A diet containing luteolin, the plant compound found in such eatables as peppers, carrots, celery, olive oil, peppermint, chamomile, rosemary can results in having fewer inflammatory molecules in the brain. Luteolin is a bioflavonoid found in many foods.

When there is less inflammatory molecules it reduces age-related inflammation and its corresponding memory problems, according to a new study by the University of Illinois.

It appears that Inflammation in the brain is the key contributor to age-related memory problems. “We found previously that during normal aging, microglial cells become dysregulated and begin producing excessive levels of inflammatory cytokines,”said study leader and animal sciences professor Rodney Johnson. “We think this contributes to cognitive aging and is a predisposing factor for the development of neurodegenerative diseases.”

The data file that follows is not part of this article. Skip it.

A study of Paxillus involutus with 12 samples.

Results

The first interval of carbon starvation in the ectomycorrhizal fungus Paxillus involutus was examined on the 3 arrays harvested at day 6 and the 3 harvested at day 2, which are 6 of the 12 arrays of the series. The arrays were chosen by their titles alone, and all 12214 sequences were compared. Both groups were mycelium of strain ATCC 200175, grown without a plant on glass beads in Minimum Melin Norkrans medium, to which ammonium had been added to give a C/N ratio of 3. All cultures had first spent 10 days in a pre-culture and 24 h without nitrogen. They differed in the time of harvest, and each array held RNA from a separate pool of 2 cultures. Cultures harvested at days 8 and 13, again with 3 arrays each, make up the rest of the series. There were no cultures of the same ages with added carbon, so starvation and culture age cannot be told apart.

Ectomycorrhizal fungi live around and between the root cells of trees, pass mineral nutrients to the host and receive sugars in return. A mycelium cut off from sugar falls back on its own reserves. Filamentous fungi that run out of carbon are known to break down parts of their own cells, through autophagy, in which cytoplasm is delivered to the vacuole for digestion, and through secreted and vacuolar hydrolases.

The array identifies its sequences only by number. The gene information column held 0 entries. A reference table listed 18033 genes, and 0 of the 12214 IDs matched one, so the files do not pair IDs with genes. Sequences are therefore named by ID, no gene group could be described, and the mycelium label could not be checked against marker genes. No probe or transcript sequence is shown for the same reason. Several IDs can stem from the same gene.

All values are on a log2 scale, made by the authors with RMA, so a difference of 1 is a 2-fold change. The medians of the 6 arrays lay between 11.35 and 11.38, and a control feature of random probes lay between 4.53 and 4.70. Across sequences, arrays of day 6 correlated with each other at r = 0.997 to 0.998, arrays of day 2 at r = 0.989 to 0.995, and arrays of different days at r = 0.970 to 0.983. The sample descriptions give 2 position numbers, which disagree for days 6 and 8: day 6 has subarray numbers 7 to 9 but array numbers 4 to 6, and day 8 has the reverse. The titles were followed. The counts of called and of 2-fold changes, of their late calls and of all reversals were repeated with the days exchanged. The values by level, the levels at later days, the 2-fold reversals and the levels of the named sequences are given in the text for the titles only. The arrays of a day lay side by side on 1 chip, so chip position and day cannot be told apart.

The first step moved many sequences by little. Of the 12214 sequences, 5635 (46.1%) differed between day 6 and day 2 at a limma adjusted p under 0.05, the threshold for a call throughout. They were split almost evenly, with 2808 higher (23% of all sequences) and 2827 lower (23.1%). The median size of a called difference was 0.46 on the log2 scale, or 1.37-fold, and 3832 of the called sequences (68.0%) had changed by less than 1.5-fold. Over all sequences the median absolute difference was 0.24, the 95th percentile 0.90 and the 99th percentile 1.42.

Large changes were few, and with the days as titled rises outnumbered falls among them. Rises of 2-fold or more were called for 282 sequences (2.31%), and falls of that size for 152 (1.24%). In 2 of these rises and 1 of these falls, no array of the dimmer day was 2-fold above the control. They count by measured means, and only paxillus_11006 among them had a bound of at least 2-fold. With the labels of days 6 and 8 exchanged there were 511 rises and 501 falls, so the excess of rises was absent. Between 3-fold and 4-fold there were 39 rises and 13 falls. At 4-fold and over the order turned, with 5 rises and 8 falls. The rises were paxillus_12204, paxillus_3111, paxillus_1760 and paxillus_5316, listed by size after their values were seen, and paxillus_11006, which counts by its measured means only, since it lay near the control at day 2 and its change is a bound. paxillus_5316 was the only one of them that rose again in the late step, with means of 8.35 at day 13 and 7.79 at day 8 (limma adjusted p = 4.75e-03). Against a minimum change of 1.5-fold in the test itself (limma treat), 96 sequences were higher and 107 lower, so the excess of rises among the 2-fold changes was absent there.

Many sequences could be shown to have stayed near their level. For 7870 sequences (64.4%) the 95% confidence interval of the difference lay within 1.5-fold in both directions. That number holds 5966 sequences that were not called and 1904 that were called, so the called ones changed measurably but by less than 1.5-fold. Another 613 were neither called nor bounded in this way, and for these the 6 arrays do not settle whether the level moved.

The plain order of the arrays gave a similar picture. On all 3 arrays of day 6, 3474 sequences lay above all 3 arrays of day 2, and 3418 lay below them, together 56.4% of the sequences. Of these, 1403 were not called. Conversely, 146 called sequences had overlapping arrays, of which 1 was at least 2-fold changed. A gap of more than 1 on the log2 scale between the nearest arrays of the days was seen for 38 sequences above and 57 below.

For almost ten years, Johnson and his team have been researching the anti-inflammatory properties of nutrients and various bioactive plant compounds, including luteolin. Earlier studies have revealed that luteolin has anti-inflammatory effects in the body.


The researchers found that exposing only the neurons to luteolin before the experiment did not affect their survival.“This demonstrated that luteolin isn’t protecting the neurons directly,” he said. “It’s doing it by affecting the microglial cells.”

The scientists studied mice for a period of four weeks. The mice were given a control diet or a luteolin-supplemented diet. Scientists observed their spatial memory and measured levels of inflammatory markers in the hippocampus, a region in the brain associated with memory and spatial awareness. “When we provided the old mice luteolin in the diet it reduced inflammation in the brain and at the same time restored working memory to what was seen in young cohorts,” Johnson said.

“We believe dietary luteolin accesses the brain and inhibits or reduces activation of microglial cells and the inflammatory cytokines they produce. This anti-inflammatory effect is likely the mechanism which allows their working memory to be restored to what it was at an earlier age.”

“These data suggest that consuming a healthy diet has the potential to reduce age-associated inflammation in the brain, which can result in better cognitive health,” he said.